After abruptly suspending Pomona College’s Advocates for Survivors of Sexual Assault program in February, the President’s Advisory Committee on Sexual Violence Intervention and Prevention (PAC-SVIP) held a forum Tuesday to collect feedback from community members regarding recommendations the committee outlined in a previous email.
These recommendations included establishing a partnership between the advocates program and Project Sister, a local survivor support organization, and creating a peer-to-peer education group and a Campus Advocacy, Resources and Education program.
The forum primarily focused on the future of the advocates program, which will resume in fall 2019, according to the committee. The program was ended due to legal concerns about confidentiality due to a lack of training and confidential student reports of negative experiences with the advocates.
Last summer, advocates were informed by Pomona Title IX coordinator Sue McCarthy that in order to maintain their confidential status, they needed to complete 40 hours of Project Sister training. However, McCarthy gave advocates the wrong dates for the program, and the advocates didn’t end up doing the training. This created potential issues with the Clery Act, and advocates were later informed by McCarthy that they were no longer confidential resources.
Oona Eisenstadt, the committee’s faculty chair, emphasized the importance of the role advocates play in supporting survivors, and said they’ve done amazing work.
During the forum, students expressed concern about the level of administrative involvement in the advocates program going forward, citing a history of the advocates acting as a check on the administration.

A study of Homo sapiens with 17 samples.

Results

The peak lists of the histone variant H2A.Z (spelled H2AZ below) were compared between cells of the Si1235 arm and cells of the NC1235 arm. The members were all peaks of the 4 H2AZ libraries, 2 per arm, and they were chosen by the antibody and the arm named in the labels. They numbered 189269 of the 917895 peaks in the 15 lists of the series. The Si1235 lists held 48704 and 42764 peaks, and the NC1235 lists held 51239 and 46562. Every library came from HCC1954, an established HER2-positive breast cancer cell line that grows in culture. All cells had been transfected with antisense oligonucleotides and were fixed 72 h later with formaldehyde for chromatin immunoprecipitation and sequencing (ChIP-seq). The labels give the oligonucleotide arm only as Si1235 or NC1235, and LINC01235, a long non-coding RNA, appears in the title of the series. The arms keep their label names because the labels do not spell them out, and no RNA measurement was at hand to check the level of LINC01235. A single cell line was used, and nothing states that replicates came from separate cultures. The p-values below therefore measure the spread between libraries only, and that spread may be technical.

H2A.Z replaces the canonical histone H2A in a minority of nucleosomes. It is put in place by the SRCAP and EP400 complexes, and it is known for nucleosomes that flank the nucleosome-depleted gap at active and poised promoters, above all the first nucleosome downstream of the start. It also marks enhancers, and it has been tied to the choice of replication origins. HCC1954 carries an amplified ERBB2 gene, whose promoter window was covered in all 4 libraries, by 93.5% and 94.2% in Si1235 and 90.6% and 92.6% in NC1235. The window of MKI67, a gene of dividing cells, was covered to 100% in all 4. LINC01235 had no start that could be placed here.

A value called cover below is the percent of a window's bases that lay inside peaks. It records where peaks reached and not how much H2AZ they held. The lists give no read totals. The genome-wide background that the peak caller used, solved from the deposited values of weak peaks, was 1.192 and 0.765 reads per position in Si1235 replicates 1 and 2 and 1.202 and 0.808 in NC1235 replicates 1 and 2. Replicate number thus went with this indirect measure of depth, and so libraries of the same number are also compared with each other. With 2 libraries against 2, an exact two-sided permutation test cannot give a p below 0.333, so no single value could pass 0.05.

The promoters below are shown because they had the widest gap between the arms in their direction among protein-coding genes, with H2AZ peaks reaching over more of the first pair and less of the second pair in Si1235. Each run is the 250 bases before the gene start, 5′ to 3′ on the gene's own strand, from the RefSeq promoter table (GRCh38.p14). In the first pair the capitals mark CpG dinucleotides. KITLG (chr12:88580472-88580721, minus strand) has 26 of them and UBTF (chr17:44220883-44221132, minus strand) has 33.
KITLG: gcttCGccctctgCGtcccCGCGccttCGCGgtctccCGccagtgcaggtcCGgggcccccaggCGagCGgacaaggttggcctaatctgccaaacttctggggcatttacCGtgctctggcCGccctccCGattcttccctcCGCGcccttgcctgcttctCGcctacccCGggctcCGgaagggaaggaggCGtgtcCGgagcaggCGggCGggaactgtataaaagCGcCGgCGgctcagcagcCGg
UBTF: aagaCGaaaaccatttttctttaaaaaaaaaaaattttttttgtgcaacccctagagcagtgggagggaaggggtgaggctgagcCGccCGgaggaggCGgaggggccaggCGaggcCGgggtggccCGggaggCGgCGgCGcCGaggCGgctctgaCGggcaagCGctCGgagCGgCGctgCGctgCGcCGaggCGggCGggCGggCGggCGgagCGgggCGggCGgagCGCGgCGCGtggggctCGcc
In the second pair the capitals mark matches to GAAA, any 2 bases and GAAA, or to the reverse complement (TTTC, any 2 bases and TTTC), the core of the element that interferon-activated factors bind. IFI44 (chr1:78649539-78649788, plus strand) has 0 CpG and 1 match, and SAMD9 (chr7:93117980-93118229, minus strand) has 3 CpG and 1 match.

“The advocates had a political side to their work in that they were leaders of many actions and student protests and movements specifically in opposition to moves made by the administration,” Olivia Wood PO ’19, one of the head coordinators of the Pomona Women’s Union, said in an interview with TSL.
Emily Coffin PO ’19, a former advocate, expressed her concern that the administration was pushing survivors to report to non-confidential resources rather than publicizing those that were confidential. However, administrators said it was never their intention to nudge survivors in any direction, just to make them aware of their options.
Students, faculty and administrators also repeatedly spoke about a lack of trust between students and administrators. According to Ellie Ash-Balá, an associate dean and PAC-SVIP member, that’s something the school has been working on all year.
“I think it’s going to take all of us working together, communicating with each other to rebuild some of that trust,” Ash-Balá said in an interview with TSL.
Some students said they felt the forum was a positive first step in establishing open communication between the administration and students.
“I thought it was an instance where students, faculty and admin came together to have conversations that, as best I can tell, seem to have been some of the most productive yet,” said Eli Cohen PO ’19, who attended the forum.
Rachel Levin, a biology and neuroscience professor, urged students and administrators to put survivors first during the process of re-developing the advocates program and survivor support systems on Pomona’s campus, and stressed the importance of addressing the mistrust between students and administrators in the selection of new advocates.
PAC-SVIP’s final action report is still in the planning stages, so it’s unclear how or to what extent the committee will address suggestions and concerns raised at the forum.
When the advocates program returns in the fall, advocates will receive training from Project Sister and will be selected through an application and interview process, Ash-Balá said. The selection process will involve input from staff, faculty, students and Project Sister representatives, she said.